NAS Whidbey Island skipper prepares for retirement

After three years serving as the top dog at Naval Air Station Whidbey Island, Capt. Michael Nortier is staying on Whidbey Island — but not as commanding officer.
The base skipper is stepping down in February. He plans to retire from the Navy and remain in Oak Harbor.
He said it’s the right decision for his family — he has a son in college and a daughter in high school who both endured multiple moves during his career. At age 47 he’s not going to sit at home.
His wife made it clear: “I will not be hanging around the house,” he said.
Nortier will probably find another professional outlet as well as volunteer in local civic groups, he said. And there’s woodworking in his future.
Nortier is quick to deflect attention but he has made an indelible mark as one of the most effective skippers in NAS Whidbey history.
Under his leadership, NAS Whidbey was named the No. 1 naval base in the world by the Navy last year, which recognizes the top bases in its annual Installation Excellence Awards.
“That’s not a reflection of me,” he said. “It’s a reflection of a team.”
He cited the expertise of many other leaders on base, “professionals who are very good at their jobs.” The award is confirmation of what the base has done well for many years, he said.
He talked about his career from his office overlooking the flight line, the near constant rumble of jets in the background.
Nortier, a native of Sodus, N.Y., earned his wings in 1991. He racked up more than 4,300 hours in naval helicopters. He served in Operation Enduring Freedom and Operation Tomodachi, the nation’s relief effort after the tsunami devastated Japan in 2011.
He held a range of positions. Before reporting to Whidbey, he served at U.S. Pacific Fleet’s Operations Directorate, where he traveled to Iraq to serve as an individual augmentee as the director of the Senior Advisors Group.
As base commander, he still loves climbing into the cockpit of any aircraft when invited — he’s flown in more than helos. His typical uniform of the day is a flight suit.
“It’s a funny thing about these,” he said, pointing to his wings on his flight suit.
Serving as CO of the base is like no other job he’s held, he said. He likened it to running a small city.
NAS Whidbey is the home of all the Navy’s tactical electronic attack squadrons flying the EA-18G Growler. The base also is home to four P-3 Orion Maritime Patrol squadrons and two fleet reconnaissance squadrons flying the EP-3E Aries.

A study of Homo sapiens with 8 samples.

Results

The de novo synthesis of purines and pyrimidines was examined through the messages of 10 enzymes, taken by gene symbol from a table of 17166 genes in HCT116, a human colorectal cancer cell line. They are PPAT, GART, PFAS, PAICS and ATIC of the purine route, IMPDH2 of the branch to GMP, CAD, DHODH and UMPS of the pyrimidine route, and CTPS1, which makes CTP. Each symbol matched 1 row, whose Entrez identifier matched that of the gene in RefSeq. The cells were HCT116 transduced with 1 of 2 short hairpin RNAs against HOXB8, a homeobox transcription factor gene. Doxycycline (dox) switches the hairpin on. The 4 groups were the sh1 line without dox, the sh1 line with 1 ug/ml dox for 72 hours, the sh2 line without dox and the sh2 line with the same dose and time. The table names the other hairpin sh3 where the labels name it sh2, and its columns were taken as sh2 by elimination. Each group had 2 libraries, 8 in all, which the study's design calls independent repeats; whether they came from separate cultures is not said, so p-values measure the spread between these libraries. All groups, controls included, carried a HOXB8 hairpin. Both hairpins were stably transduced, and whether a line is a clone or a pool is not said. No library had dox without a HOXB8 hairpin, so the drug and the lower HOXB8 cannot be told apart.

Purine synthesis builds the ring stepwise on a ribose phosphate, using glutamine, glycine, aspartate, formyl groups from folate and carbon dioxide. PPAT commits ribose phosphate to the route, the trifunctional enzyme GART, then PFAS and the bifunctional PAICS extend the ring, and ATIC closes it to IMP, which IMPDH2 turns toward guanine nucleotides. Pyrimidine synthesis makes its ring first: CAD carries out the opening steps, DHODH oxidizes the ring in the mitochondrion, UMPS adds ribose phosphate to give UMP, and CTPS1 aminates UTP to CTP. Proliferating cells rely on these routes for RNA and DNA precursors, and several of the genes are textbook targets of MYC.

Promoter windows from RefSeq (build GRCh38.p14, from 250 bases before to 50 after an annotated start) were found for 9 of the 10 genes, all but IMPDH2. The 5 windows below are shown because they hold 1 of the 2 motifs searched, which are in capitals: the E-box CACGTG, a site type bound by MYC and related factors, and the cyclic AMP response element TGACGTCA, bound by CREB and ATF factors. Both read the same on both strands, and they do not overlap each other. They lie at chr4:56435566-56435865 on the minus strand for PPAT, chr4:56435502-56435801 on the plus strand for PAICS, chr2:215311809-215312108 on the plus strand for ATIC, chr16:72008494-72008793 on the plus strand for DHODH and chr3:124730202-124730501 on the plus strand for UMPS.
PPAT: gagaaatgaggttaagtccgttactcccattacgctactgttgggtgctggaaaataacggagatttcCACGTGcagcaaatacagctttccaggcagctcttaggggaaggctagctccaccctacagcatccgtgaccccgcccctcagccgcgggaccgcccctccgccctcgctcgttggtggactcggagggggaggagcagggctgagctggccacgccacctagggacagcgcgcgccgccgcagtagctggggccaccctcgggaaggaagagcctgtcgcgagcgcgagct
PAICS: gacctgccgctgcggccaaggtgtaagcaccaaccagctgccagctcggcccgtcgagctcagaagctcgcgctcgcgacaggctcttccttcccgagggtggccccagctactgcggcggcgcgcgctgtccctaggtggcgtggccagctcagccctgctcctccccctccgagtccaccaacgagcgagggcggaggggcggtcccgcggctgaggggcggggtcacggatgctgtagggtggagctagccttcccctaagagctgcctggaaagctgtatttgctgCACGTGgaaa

Navy plans to replace the nation’s fleet of P-3 turboprop maritime patrol and anti-submarine warfare aircraft with the new Boeing P-8.
One of the greatest challenges he’s faced is preparing the base for the transition to P-8s. It’s not so much about the new aircraft, as readying the base for new personnel and facilities, he said. Hangar 6, which will accommodate the P-8 aircraft, is being expanded and modernized, even as current personnel use it.
He also cited a lawsuit filed a grassroots group unhappy with jet noise at the Outlying Field in Coupeville as a challenge — especially trying to address what he called half-truth and misconceptions spread by social media.
“If they are living around the Outlying Field Coupeville, they are exposed to noise all the time and it’s not welcome to them,” he said. “I don’t expect them to enjoy living next to an airport.”
He said officials have made an attempt to improve the situation as much as they can. For instance, they changed the way pilots approach NAS Whidbey over the San Juan Islands that reduced noise on the final approach.
Capt. Geoffrey Moore is set to take over as base commanding officer at a change of command ceremony Feb. 19 on base.
Moore, a native of Middletown, Conn., last served as commanding officer of a helicopter anti-submarine squadron based in San Diego.
“He’s been top-notch in my book,” said Oak Harbor Mayor Bob Severns. “He’s connected with the city really well.”
Severns, formerly a city councilman, noted that Nortier made an effort to work with city leaders, meeting with the former mayor regularly and connecting with the City Council.
“It’s wonderful for him to stay in the community,” he said. “He’ll be a citizen of our community. It doesn’t get any better than that.”

Capt. Mike Nortier prepares for retirement.